By Naomi Schmidt

Mohammad Assaf became the first Palestinian to win Arab Idol last summer, making him a potential spokesperson for national unity.  While his musical talent has launched him into the spotlight, the 23-year-old sensation refuses to be politicized.

After winning the second season of the American Idol spin-off, massive celebrations erupted in the streets throughout his homeland, including Gaza, East Jerusalem, and Ramallah. The participants exclaimed their adorations for Assaf’s smooth voice and charming smile, but they also embody a war-torn population in need of a peaceful representative for the Palestinian cause, allowing them “to feel as one people, forgetting at least for a while their political and geographical split”.

Assaf garnered many fans during his tenure on Arab Idol, winning the competition by more than a million votes.  One phone company, Jawwal, offered discounted text message fees and confirmed that 8 million votes had been cast for Assaf out of Gaza alone; a staggering number to come from a population of 1.7 million people.

But not everyone was a supporter of Assaf’s ambition.  The competition was completely rejected by some, asserting that its title “encouraged idolatry,” while Hamas, the governing body in the Gaza Strip, blocked the installation of a large screen in Gaza’s main strip where fans of the show hoped to watch the finale together.  One professor from Al-Azhar University in Gaza stated, “Hamas considers this kind of art as being against Islam and religious culture,” and thus ignored the competition entirely.

Assaf does not have any delusions about what his success means for the conflicted country, nor does he intend to become a spokesperson for any political organization involved with the present conflict.  “Regardless of the political differences, in the end we are all Palestinians, and we all have the same goal – to free Palestine… No-one will ever politicise [sic] me, and no party will ever take me to its side,” he said.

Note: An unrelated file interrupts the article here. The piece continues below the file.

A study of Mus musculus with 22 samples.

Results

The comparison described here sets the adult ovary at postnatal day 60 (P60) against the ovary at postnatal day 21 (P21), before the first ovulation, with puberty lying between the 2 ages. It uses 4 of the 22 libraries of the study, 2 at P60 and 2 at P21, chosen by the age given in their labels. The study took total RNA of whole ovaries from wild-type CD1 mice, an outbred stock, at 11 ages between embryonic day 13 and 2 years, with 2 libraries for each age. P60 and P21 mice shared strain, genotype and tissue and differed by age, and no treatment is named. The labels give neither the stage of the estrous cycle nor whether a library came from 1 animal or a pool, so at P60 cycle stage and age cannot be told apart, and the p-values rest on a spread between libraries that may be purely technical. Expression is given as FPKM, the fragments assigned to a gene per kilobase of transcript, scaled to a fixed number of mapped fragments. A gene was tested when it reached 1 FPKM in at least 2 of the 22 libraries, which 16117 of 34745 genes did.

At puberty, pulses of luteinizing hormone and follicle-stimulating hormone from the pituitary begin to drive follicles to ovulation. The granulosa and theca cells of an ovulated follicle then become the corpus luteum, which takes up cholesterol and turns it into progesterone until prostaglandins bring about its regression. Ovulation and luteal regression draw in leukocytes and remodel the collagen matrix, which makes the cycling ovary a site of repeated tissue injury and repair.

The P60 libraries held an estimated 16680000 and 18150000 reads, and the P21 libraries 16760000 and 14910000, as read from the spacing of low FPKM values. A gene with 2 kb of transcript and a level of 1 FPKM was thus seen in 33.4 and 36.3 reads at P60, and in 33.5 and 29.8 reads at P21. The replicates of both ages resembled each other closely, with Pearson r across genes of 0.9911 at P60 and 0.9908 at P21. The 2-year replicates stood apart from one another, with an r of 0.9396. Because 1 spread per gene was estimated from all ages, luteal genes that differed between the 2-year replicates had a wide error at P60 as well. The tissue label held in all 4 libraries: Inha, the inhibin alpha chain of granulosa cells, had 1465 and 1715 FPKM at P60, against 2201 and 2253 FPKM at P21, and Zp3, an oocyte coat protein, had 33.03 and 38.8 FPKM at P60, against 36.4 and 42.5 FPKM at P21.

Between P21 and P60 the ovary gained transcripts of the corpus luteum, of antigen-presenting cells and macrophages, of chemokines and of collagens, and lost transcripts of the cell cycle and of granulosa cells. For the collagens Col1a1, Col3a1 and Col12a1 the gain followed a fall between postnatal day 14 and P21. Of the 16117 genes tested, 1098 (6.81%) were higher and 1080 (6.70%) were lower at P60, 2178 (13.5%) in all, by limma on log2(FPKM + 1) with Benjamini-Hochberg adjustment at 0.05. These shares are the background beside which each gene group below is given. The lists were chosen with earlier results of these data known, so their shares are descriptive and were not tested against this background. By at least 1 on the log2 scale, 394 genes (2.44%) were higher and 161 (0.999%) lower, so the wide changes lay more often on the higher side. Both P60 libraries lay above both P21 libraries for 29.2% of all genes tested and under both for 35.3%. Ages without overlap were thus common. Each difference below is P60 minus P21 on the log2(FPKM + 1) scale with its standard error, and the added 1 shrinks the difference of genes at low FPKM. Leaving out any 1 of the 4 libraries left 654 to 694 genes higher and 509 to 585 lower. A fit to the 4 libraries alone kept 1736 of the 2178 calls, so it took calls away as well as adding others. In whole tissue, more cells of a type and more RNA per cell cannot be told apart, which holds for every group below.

Instead, he prides himself on what he has achieved for the people. “I didn’t free Palestine,” he said, “but I gave some happiness.” For some residents of Palestine, he has done much more than this – he has opened the door to a new view of Palestine and its cause.  Two residents of Ramallah, Mohammed Omar and Imad Rabee, agree that Gaza’s image has taken a new shape since Assaf’s victory. Instead of being instinctively associated with “rockets and bombs and stones,” an artful culture of music has emerged.

Assaf’s passion for music and his unwavering faith in the power it possesses are symbols of a new, more youthful movement; one that emphasizes peace and unity.  In an interview with Al-Jazeera, Assaf said that “music is a tool for revolution and struggle…as young Arab people, we stand with freedom and democracy.  Let the youth lead this period.”  Young or old, Assaf understands that all Palestinians want the same thing – freedom.  Through his music and with his notoriety, Assaf hopes to project a greater message – as one people, let us end the split.